COVID-19 Provides Several Silver Linings For This One-Person Shop

As government agencies around the country address the current public health emergency, communicators have been charged with developing effective and creative messaging for residents, a unique challenge to say the least. Over the next few weeks several 3CMA members will share the details and outcomes of their COVID-19 information campaigns, continuing the founding principle of 3CMA that ideas are for sharing.

By Enita Jubrey
Assistant to the Town Manager | Town of Windsor, CT 

In March, the Town of Windsor activated a Unified Command structure that brought together multiple departments to coordinate an effective response to COVID-19. 

Under the leadership of our town manager, seven categories were identified to provide the framework of a coordinated response:

  • Planning and Logistics
  • Communications and Information
  • Human and Social Services
  • Public Safety
  • Public Health
  • Human Resources/Finance
  • Business/Economic Development

Providing information both externally to Windsor residents and internally to town employees (while also leading the Human and Social Services Departments) was a far bigger task than this one-person, public relations shop could handle.  

The Communications and information team was quite eclectic and included myself, an IT application specialist, (who single handedly built and updates the entire back end of our website); our fire inspector (who specializes in public education, knows her way around technology and was not afraid to act in several PSA’s); a 25-year old, wide-eyed and enthusiastic administrative aide from the recreation department with uber graphic and social media skills; and a brand new assistant town manager who had been on the job three months.

We zoomed, brainstormed, collaborated, shared tasks, worked long hours and laughed a lot.  We did pretty much what I am sure you all were doing: website updates with both State of Connecticut and town information, social media promos, PSA’s on handwashing and social distancing, etc.  Here’s some of the other highlights:

  • Coordinated a “Windsor Together” tour that traversed through neighborhoods featuring first responders and town departments 
  • Completed our first ever Facebook Live broadcast of “Windsor Together” tour
  • Produced town department “check-in” videos 
  • Developed an employee resource page to keep everyone connected
  • Filmed mayor and town manager update videos for both internal and external use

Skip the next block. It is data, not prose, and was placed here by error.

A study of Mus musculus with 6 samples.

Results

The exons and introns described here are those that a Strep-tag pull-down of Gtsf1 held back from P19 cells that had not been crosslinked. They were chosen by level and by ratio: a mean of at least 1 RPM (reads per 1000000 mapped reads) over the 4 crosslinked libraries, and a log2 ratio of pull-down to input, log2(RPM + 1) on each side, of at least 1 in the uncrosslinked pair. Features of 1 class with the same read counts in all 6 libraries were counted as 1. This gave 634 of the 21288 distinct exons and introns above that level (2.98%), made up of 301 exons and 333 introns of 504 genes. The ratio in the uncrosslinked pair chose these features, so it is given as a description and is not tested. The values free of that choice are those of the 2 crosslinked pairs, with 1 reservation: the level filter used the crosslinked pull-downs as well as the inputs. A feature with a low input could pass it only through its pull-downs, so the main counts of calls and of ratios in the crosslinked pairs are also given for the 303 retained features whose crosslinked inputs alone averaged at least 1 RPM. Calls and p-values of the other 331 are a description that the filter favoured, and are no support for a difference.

• Partnered with our local college prep school Loomis Chaffee to offer Windsor residents the ability to participate in their COVID-19 Speaker Series free of charge   
  • Promoted virtual recreation and library programs
  • Created “Windsor Masked Heroes” mask-making videos
  • Developed “Windsor Forward” theme as we began our ascent to “normalcy” and progressed through the state mandated phases of re-opening
  • Updated COVID-19 website page to more clearly identify and explain the reported numbers provided by the state in a way people could truly understand
  • Designed building re-opening signs  
  • Presented a virtual Memorial Day observance (hopefully a future Savvy winner!)

The list goes on, and I assume you are all doing, or have done similar work for your communities.  My point, and the reason for writing this blog, is to give a shout out to all the small towns and jurisdictions out there and to those of you operating one-person shops. The secret to being a one-person shop is – don’t be one. I was fortunate when our organization immediately went into the Unified Command structure to take on the Coronavirus emergency because that method is designed to pull people together from various departments to work toward one common goal.

Silver lining #1: There was immediate chemistry among five people (some working remotely, some at town hall) that did not normally work together. We had open and honest communication whereby ideas were praised, criticized or reshaped with total consensus of the team.

Silver lining #2: There was a shared desire among team members to tackle each situation with the affirmation that whatever we did, it would be innovative and of the highest quality for our residents.

Silver Lining #3: That 25-year old, wide-eyed and enthusiastic administrative aide from the recreation department with uber graphic and social media skills I mentioned in the beginning of this blog?  He just received a title change and promotion.  At the Sept. 8 Windsor Town Council meeting, the position of communications and outreach specialist was approved! 

Silver Lining #4: (and my personal favorite) Not long into the pandemic, the team made a promise that “When this thing is over, let’s get together once a month to work on other marketing and communication initiatives!”

Music to this former “one-person shop” girl’s ears.